Though the Kodak brand was once synonymous with cameras and film, it has shifted successfully into the pharmaceutical industry.
In late July, the US government announced it had secured a $765 million loan to help Kodak develop ingredients to be used in generic coronavirus drugs. The loan was granted as a first-of-its-kind loan under the Defense Production Act.
White House spokesman Peter Navarro explained that the Kodak loan was granted in an effort to reduce America’s dependence on foreign suppliers. “If we have learned anything from the global pandemic,” Navarro said, “it is that Americans are dangerously dependent on foreign supply chains for their essential medicines.”
Announcement Saw Kodak Stock Soar
Immediately after the White House announcement, Kodak’s stock soared.
It has been a penny stock since 2018, trading below $5 a share consistently and only valued around $115 million. However, Kodak enjoyed a dramatic boost after news of the government’s loan was announced, surging to a market value of $2 billion before balancing out around $1.5 billion.
“Kodak is proud to be a part of strengthening America’s self-sufficiency in producing the key pharmaceutical ingredients we need to keep our citizens safe,” said its executive chairman Jim Continenza.
The company will use its loan to begin producing components for generic drugs– specifically, active pharmaceutical ingredients (APIs), the chemicals that make drugs do their job.
Kodak’s Pivot to Pharmaceuticals
Though pharmaceuticals don’t seem related to photography at first glance, tenured Kodak employees disagree. According to Essie Calhoun-McDavid, who worked at Kodak from 1982 until she was laid off in 2011, “We are a chemical company. We already have the infrastructure and the background that’s needed.”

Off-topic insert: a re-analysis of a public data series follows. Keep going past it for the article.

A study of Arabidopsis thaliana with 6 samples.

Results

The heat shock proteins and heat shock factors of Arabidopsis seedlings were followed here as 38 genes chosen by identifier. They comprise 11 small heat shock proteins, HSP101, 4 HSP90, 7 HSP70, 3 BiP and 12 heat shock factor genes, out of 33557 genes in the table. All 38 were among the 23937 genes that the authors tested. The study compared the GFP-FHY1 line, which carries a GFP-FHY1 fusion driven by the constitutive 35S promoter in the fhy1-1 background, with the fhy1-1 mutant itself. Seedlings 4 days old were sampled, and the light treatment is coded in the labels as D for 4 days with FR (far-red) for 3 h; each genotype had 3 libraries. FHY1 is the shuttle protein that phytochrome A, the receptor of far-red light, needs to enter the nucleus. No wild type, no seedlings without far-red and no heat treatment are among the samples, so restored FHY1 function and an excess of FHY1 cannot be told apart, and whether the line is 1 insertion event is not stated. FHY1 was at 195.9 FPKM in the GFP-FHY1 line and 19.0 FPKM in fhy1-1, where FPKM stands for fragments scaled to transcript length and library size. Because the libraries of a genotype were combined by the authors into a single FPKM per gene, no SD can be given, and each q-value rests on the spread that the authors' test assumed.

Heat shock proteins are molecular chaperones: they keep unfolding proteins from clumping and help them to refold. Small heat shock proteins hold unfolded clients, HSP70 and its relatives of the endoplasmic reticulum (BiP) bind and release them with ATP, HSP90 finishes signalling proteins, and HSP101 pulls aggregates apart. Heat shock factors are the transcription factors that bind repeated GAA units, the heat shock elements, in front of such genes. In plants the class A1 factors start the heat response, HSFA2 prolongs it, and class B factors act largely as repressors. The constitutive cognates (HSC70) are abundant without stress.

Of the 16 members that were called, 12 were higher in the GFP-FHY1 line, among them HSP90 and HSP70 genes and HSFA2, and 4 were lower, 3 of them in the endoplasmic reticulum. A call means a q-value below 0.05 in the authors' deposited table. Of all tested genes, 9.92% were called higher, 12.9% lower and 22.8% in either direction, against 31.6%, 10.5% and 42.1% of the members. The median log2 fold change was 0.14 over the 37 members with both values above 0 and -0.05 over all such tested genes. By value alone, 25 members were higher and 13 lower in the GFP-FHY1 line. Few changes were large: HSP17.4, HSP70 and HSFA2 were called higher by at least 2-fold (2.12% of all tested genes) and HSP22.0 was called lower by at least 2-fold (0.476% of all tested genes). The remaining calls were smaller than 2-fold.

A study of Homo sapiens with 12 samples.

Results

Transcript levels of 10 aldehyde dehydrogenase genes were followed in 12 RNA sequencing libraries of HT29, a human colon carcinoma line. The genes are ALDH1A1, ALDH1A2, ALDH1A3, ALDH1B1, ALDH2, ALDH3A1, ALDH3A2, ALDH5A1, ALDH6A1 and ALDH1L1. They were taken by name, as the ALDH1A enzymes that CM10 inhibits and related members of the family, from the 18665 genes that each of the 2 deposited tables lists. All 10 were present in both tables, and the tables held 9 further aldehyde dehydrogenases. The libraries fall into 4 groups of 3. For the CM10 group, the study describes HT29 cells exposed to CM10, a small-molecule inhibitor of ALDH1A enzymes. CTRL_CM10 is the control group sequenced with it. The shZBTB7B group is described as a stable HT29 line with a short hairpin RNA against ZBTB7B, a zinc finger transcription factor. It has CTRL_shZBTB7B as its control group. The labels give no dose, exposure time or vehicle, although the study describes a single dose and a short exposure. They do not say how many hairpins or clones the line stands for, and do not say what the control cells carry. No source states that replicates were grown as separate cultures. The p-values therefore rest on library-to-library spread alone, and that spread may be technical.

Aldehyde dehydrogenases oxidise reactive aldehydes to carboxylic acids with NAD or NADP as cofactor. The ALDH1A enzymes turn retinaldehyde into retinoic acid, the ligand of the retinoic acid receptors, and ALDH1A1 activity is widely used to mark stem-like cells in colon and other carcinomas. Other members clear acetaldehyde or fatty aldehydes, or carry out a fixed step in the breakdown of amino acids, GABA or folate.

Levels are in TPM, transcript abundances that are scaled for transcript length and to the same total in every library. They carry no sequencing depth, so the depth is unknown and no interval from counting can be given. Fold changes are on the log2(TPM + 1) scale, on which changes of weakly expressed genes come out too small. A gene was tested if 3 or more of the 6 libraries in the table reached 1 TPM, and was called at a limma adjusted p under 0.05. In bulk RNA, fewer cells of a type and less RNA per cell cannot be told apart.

Chairman Continenza agreed, saying Kodak will utilize its “vast infrastructure, deep expertise in chemical manufacturing, and heritage of innovation and quality,” to support America’s pharmaceutical supply chain amid the pandemic.
Kodak plans to manufacture pharmaceutical ingredients that the FDA has identified as essential, but that are currently experiencing a chronic shortage nationwide. Factories in St. Paul, Minnesota and Rochester, New York will be expanded and revitalized to meet these needs.
According to Kodak, once fully operational “Kodak Pharmaceuticals would have the capacity at Eastman Business Park to produce up to 25 percent of active pharmaceutical ingredients used in non-biologic, non-antibacterial, generic pharmaceuticals while supporting 360 direct jobs and an additional 1,200 indirectly.”
U.S International Development Finance Corporation (DFC) Chief Executive Officer Adam Boehler summed up the federal government’s goal during his announcement of Kodak’s loan: “Today, we are bringing together the significant resources and expertise of the private sector and U.S Government. We are pleased to support Kodak in this bold new venture.”